Albino Sulcata Tortoise


Are my sulcata tortoises albino?


Jennifer Johns



This juvenile amelanistic African spurred tortoise (Geochelone sulcata) is considerably paler than even a light-colored normal example of the species.

A. They might be amelanistic (albino) sulcata tortoises. If you take a clear photo of one or both and send it to REPTILES magazine, I could probably judge since I’ve already seen a few of them years ago. Unfortunately for you, that alone means yours are not the first ones around.

If anyone reading is wondering how someone could confuse an amelanistic reptile with a normal reptile, they may not be familiar with sulcata tortoises. Normal sulcata tortoise specimens are pale tan or straw-colored, so eliminating the remaining melanin (black pigment) doesn’t result in radical difference like it would in most other species sporting more black.


Amelanism in reptiles is a recessively inherited trait in all the species I’ve ever heard of it occurring in. That means it will show up in one-fourth of the offspring produced from pairings of normal-looking but gene-carrying (heterozygous) parents. Why is that significant?

Thousands of captive-born sulcata tortoises have been produced from imports over the past 15 or so years. Shortly after the most recent wave of imported adult sulcate tortoises arrived during the early 1990s, captive breeding ensued. With as little as five years needed to reach reproductive maturity, at least three generations have already been produced by some U.S. breeders.

Many of those first captive-bred baby sulcata tortoises went to other breeders, often as groups including siblings. The albino gene must have cropped up early, and when siblings ended up mating, it was reunited more rapidly than might have occurred in the wild. Before the trait was widely recognized, amelanistic hets (gene carriers) were sold and spread around. Your breeding stock may have come from such a situation.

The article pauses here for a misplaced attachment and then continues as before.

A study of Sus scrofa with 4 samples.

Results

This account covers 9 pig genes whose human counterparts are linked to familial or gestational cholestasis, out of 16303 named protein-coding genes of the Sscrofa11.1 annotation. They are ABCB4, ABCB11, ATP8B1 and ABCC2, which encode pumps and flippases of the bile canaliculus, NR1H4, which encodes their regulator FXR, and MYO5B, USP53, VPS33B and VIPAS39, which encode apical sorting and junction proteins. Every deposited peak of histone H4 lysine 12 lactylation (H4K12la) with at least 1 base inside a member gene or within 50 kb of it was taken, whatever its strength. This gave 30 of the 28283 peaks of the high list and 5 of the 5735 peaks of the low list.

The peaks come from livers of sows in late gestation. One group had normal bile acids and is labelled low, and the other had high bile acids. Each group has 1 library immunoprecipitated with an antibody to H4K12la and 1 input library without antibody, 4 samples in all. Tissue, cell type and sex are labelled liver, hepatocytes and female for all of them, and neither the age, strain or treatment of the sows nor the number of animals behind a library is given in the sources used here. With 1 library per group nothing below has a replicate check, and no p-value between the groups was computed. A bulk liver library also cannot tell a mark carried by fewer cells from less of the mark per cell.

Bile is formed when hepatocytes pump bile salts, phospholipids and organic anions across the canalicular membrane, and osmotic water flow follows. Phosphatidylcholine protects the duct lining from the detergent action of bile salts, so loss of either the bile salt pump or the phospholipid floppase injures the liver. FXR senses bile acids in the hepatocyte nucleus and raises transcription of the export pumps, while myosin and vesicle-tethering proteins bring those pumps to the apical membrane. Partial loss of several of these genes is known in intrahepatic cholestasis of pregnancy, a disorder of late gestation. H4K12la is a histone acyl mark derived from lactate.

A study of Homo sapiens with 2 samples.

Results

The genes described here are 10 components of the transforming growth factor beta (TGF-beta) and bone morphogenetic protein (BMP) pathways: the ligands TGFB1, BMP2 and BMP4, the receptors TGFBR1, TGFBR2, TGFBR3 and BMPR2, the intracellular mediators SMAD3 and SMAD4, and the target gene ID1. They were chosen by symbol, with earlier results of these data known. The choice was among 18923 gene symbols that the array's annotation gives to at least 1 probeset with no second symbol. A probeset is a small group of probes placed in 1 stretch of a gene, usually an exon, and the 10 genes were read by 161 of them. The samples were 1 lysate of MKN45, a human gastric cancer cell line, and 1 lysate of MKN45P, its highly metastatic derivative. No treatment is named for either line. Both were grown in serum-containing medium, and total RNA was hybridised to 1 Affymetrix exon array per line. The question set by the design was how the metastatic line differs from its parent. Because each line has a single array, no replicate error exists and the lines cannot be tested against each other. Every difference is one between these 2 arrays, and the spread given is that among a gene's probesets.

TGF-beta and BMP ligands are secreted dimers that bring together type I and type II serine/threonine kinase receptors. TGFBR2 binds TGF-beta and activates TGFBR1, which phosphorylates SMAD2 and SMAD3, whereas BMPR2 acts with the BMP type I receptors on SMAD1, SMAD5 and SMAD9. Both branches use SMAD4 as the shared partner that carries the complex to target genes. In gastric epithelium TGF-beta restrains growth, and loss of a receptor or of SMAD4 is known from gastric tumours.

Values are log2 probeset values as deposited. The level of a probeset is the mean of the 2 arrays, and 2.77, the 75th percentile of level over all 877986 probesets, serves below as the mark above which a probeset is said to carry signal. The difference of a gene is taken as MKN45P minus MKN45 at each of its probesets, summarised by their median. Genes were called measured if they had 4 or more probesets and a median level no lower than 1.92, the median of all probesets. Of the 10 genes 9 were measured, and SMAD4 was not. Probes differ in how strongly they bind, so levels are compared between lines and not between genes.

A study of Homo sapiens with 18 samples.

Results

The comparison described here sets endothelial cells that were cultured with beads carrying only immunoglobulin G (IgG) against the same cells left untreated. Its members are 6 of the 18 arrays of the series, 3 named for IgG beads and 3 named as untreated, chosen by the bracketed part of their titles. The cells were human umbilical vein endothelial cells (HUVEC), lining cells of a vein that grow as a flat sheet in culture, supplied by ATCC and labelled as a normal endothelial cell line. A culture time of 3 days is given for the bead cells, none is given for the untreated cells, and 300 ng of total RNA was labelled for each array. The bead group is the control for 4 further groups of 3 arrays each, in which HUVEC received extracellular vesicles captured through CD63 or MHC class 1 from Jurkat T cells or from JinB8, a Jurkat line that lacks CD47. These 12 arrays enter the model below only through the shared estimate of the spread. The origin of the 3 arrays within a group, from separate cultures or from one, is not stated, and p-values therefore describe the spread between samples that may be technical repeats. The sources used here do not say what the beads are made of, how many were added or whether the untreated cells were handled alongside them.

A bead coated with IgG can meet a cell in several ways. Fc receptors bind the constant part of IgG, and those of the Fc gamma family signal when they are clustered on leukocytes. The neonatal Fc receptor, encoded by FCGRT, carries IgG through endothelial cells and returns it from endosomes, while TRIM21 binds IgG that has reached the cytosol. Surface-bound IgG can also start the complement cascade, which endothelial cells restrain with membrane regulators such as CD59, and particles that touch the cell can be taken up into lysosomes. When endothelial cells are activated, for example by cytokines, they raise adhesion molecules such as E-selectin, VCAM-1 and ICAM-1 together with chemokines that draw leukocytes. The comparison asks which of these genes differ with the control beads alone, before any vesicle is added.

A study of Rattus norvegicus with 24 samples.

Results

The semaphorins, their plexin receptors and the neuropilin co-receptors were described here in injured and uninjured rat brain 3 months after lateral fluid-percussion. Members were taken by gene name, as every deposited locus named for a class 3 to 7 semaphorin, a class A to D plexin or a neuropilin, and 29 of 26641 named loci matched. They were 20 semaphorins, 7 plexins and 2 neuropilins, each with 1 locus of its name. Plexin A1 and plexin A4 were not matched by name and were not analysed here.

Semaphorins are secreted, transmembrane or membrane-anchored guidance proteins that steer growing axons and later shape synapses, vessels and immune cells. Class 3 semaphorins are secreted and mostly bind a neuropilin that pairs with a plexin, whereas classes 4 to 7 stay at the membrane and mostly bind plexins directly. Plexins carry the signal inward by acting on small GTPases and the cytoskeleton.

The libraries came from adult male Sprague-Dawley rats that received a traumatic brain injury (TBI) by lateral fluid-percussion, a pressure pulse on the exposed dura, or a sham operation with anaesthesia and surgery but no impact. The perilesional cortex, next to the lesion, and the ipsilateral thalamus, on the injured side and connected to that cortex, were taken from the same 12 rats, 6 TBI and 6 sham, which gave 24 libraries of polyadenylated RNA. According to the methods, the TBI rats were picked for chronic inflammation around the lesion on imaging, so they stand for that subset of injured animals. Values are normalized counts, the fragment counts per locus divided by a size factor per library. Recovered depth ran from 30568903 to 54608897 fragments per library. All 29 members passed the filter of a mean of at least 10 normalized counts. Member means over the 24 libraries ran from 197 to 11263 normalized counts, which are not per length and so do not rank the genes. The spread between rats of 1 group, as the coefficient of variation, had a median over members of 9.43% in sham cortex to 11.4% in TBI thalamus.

Richard Fife of Riparian Farms in Arizona hatched the first Ivory Tortoise sulcata about six years ago. It appears to be a form of amelanism, resulting in an ivory-white tortoise with pinkish eyes (depending on how the light hits them). Richard told me he probably let out specimens het for the trait unknowingly during his early years of breeding them. Your adults may be related to his line, or they may be something different and new.


The main thing you can almost certainly count on is that your adult sulcata tortoises are heterozygous for the trait. The odds say that one-fourth of any clutch they produce should exhibit the pale trait you’ve got. A ratio of two out of 12 in your current clutch is close enough statistically to one-fourth to bear that out.

If it is amelanism you’ve got, the only consideration I’d suggest is the one you’re already aware of: provide a pen with plenty of shaded portions not in direct sunlight all the time. Some amelanistic reptiles have eyes that are more sensitive to bright light because they don’t have the normal pigments to help shield them. Sulcata tortoises are diurnally active, so shade would offer them some relief if they showed unusual sensitivity on bright days.